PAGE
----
A City Close to the Sun: how solar power is affecting cities across the globe

For many, living in a city that is free from pollution, haze and air congestion may seem to be a fantasy. Yet, while many cities still suffer from high levels of air pollution, others have emerged as leaders in environmental sustainability and renewal. This article will explore cities around the world that have taken on the challenge of sustainability without sacrificing modern convenience.
City of Sunshine
Rizhao in northern China, aptly named the City of Sunshine, is a city that runs primarily on solar power. Not only do the majority of households in the city center use solar water heaters, but the street lights and traffic indicators also run on power generated by solar cells. Solar panels for homes are also quite common on both private houses and public buildings. Additionally, farmer’s costs are reduced by the use of thousands of greenhouses heated by solar panels, a key factor in a largely agricultural area.
The city of Rizhao was able to become a leader in the solar power movement because of government subsidies for research and development, as well as public relations campaigns used to spread knowledge and awareness about solar power possibilities. Additionally, city law mandates that all new buildings must incorporate solar panels in order to keep with the goals of the community.  The negligible use of fossil fuels in Rizhao and the unique façade of the city have made it into a tourist hub as well as one of the highest ranked Chinese cities for air quality.
The Passive Houses of Freiburg
The city of Freiburg Im Breisgau in southwest Germany is famous for its ancient university and medieval architecture – as well for its adoption of progressive, environmentally friendly policies. In Freiburg, environmentally aware practices include the building of ‘passive houses,’ where super insulated and triple-glazed houses are heated by a series of warm and cold ducts from fresh air that is sucked through a funnel. These passive houses repurpose energy and heat in such a way that energy waste is a miniscule percentage compared to the waste found in typical homes. While the number of people living in these passive houses is relatively small, most residents of Freiburg join into the eco-friendly lifestyle by having solar panels for homes, undertaking diligent recycling and riding bikes to work.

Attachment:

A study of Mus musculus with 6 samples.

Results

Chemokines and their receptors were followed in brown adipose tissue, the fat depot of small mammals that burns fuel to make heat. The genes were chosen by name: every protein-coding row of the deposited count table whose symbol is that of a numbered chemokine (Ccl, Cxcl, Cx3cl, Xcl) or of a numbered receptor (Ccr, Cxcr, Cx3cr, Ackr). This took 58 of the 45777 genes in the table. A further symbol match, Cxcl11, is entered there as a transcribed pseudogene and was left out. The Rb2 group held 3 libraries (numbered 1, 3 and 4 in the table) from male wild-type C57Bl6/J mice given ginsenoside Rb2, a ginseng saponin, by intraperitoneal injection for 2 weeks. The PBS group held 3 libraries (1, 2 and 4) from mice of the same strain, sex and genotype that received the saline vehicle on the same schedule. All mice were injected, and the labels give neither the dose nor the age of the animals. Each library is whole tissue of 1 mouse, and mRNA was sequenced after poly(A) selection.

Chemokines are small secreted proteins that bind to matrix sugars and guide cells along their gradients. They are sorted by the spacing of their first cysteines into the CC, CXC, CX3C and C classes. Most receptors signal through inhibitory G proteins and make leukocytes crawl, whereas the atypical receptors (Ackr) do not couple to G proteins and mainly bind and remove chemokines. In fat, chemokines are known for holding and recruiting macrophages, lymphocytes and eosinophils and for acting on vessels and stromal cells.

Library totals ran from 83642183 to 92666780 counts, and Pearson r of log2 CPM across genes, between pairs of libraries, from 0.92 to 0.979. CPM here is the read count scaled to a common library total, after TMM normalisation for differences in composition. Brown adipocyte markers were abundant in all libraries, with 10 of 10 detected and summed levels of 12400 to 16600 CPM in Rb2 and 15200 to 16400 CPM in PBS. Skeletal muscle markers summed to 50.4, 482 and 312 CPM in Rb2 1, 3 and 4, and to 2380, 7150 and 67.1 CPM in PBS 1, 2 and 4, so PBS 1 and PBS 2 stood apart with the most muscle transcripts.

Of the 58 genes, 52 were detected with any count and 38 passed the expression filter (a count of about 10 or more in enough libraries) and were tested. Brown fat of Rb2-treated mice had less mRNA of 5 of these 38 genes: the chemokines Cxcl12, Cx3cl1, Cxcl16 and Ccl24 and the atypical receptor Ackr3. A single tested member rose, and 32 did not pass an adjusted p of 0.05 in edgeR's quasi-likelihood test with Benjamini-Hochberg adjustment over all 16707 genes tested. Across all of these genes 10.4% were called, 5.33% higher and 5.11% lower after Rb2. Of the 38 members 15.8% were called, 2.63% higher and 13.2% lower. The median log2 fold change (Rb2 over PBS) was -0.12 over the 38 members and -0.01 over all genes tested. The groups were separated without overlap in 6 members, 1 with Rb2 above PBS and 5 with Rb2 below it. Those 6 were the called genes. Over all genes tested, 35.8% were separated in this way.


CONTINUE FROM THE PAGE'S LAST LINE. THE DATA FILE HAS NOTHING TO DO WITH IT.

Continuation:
Babcock Ranch: A Planned Oasis
Many cities are trying to make themselves as energy efficient as possible while faced with buildings built long before energy-efficiency was a goal. There is also an emerging trend of planned communities incorporating specific energy goals from their onset.  The Babcock Ranch in southwest Florida is a 17,000-acre planned community being developed in conjunction with the state of Florida and the real estate firm Kitson & Partners. Babcock Ranch is slated to be the first fully solar-powered city in the United States, with the largest solar power station in the world as well as a network of solar panels. Babcock Ranch will also include a smart grid system that allows residents to monitor and control their energy consumption. The city will include a photovoltaic solar plant and a nature preserve for camping and hiking.
With climate change fears growing, there is a comfort in knowing that there are practical steps communities can take to impact this important facet of shared human responsibility. From newly build communities that employ ‘passive houses’ or smart grids to private citizens who choose to install solar panels, role models in energy sustainability can be found around the globe. The important challenge remains to implement these changes on a wider scale in order to lead to lasting change.